Posted by: David Weimer | September 14, 2014

Chapter 19 – “Eternal Burgers”

hp photosmart 720Bacon cheddar burgers grilling on aluminum foil in their own juices.

Sitting on a blue fabric chair, the kind that folds up and goes into a carrying case, I lean back and cross my left leg over my right knee. My non-smart prepaid Tracfone has a clock that I check. I have five minutes before I flip these six burgers. The lid is down.

Smoke pours from under the edges of the grill when the grease on the foil runs through a hole or out the corner of the foil to drip onto the coals below. This smell is heaven. My ancestors from a million years ago nod silently in agreement from around their own fires.

I’m sitting on the concrete driveway at the corner of my front porch where the grill sits. It’s summer.

A full glass of inexpensive Merlot sits on top of the rusted left side, metal-lidded burner pad, next to a wire brush that I don’t use anymore since I started using this aluminum foil. I take a sip, then a second. I lean this lawn chair back on two legs and inhale deeply through my nose and let it out with an Aaaaah.

I’ve backed our Pontiac Montana van ten feet closer to the road end of the driveway so that I have more room to sit in front of the grill. I’ve dragged the grill a foot or two away from the white vinyl siding-covered lower edge of this side of our open front porch.

Two Christmases ago, I hung those big bulb colored lights up there where they’re attached to the gutter along the front of our wide front porch, as well as along the guttered narrower sides of this covered porch.

Balanced on the back chair legs, I enjoy the humid night air and the smells—especially the smells—and I look at the faded colored bulbs. Some of them, most, are showing more white light than colored because the color has worn off and flaked away and dried away in the heat and cold and sunlight over these past two years. They’re still very nice. It’s a very, very nice feeling, right here.

Mike, our large and hairy white English Labrador, with the shape of a polar bear and the heart of a sensitive kitten, lies on the concrete in front of my feet, right in front of the grill. He’s always nearest the source of food smells.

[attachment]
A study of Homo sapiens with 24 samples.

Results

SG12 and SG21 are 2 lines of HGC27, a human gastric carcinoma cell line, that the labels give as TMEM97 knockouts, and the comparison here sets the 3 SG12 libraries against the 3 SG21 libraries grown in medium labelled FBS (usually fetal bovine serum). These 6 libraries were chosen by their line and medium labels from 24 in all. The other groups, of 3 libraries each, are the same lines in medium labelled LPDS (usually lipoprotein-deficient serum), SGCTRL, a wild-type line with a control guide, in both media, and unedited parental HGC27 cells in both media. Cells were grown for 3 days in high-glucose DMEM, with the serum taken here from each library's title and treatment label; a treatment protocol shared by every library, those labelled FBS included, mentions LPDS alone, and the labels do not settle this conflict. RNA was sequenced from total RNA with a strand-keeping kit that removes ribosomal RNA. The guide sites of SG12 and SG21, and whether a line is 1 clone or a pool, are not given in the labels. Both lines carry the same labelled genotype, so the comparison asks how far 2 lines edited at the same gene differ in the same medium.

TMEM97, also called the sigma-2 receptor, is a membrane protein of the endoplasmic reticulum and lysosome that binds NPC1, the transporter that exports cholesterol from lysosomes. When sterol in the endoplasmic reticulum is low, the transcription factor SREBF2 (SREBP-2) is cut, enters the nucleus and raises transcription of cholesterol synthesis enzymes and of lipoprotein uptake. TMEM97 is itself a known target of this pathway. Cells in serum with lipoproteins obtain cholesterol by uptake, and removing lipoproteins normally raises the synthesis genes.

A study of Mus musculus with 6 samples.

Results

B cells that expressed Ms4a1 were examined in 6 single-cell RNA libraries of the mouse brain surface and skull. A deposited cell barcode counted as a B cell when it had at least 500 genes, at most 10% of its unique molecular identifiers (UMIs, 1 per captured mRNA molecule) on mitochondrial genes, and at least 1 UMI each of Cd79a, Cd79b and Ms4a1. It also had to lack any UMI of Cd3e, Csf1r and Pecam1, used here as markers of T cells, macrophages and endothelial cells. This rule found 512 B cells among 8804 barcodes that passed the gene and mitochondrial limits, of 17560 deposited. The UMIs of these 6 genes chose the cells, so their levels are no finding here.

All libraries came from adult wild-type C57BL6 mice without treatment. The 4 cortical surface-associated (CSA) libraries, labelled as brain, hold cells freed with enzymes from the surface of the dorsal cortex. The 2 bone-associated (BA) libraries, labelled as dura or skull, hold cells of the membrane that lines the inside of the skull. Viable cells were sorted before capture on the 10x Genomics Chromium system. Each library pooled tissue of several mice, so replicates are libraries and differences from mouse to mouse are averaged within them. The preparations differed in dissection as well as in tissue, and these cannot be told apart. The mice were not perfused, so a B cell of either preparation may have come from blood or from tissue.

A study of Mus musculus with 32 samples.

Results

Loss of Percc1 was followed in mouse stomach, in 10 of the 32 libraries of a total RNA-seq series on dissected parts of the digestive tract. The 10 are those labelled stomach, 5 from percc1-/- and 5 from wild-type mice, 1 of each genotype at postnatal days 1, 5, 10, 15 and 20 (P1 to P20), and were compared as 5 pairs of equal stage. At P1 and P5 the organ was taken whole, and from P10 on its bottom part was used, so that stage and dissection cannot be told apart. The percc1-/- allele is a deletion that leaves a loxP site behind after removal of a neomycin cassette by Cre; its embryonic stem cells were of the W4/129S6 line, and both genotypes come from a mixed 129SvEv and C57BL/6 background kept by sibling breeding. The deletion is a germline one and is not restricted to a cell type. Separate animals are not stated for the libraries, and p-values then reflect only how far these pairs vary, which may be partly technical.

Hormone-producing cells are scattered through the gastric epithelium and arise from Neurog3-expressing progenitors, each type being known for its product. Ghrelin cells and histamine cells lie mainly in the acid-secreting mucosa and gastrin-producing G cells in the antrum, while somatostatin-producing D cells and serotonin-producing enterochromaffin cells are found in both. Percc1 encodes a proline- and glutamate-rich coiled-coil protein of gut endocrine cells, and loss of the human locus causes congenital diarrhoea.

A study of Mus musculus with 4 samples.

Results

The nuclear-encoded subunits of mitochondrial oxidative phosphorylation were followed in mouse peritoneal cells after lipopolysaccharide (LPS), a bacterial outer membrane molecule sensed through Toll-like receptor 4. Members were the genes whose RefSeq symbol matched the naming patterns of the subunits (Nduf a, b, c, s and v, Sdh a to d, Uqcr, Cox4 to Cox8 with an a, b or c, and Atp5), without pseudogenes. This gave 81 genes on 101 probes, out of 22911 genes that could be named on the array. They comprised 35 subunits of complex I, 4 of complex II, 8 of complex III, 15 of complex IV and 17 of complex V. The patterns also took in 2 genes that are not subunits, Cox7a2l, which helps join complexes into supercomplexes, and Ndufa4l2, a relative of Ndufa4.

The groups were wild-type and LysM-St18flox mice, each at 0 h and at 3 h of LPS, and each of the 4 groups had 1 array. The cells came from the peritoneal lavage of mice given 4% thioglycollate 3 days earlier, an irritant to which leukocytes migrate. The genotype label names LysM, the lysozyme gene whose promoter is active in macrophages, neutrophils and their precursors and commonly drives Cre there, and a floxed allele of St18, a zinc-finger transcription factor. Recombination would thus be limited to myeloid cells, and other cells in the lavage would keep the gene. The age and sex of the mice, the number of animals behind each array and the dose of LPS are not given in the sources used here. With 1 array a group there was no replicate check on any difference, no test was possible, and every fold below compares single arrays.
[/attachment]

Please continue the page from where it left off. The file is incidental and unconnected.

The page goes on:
Two minutes.

Smoke is really rolling out now from the edges and holes in the closed grill that we inherited when we bought this place. The thermostat is edging upward from “med” to “med-high.” I lean forward to turn the dials on both burners down.

This is the life. You’ll never hear me say differently.

Each time here is ten minutes. Ten eternal minutes.

Thirteen or fourteen altogether this time, however, because I started these six patties frozen and there’s only one hot spot—one place on the grill that heats up really well—and I need to shift the well-cooked and lesser-cooked burgers around when I turn them, giving each their few minutes in this sunny spot. Still; ten minutes or so of eternity isn’t bad.

There’s always a couple of stretches of three or four minutes within this time where everything is perfect. A snapshot of perfection.

That’s what I like about these fleeting times—those frozen snowflake moments of smoky-punctuated perfection at the grill.

 

This:

Mike laying contentedly with head on paws and eyes closed; billowing burger smells in the humid, late-summer, darkening air; the folding chair I got for father’s day to watch Gui, my oldest, play soccer; the big colored Christmas bulbs lending their warm glow; the first planets and stars coming out; the lowering level in my glass and a fuzzy growing contentment.

 

Perfect.

Brief.

Eternal.

 

Other perfect moments at this rusting grill have witnessed Gui and his brother Ben playing football in our small front yard.

“Set—hike!”

Running, grappling, leaping over a red wagon with missing rubber on its back wheels; falling and laughing, shouting and grabbing—and then they’re past the tall bushes where I can’t see them anymore. That’s where all the exciting stuff happens of course, in front of the end zone, which is the broadside of my work van parked just beyond the cherry tree by the front corner of our house.

“Touch down!”

 

This time, though, alone, I stand and reach for the tongs and take a final gulp of warm wine before setting the empty glass by the wire brush.

My phone alarm has just sounded.

I lift the lid on the grill and revel in its sizzling heat and smoke.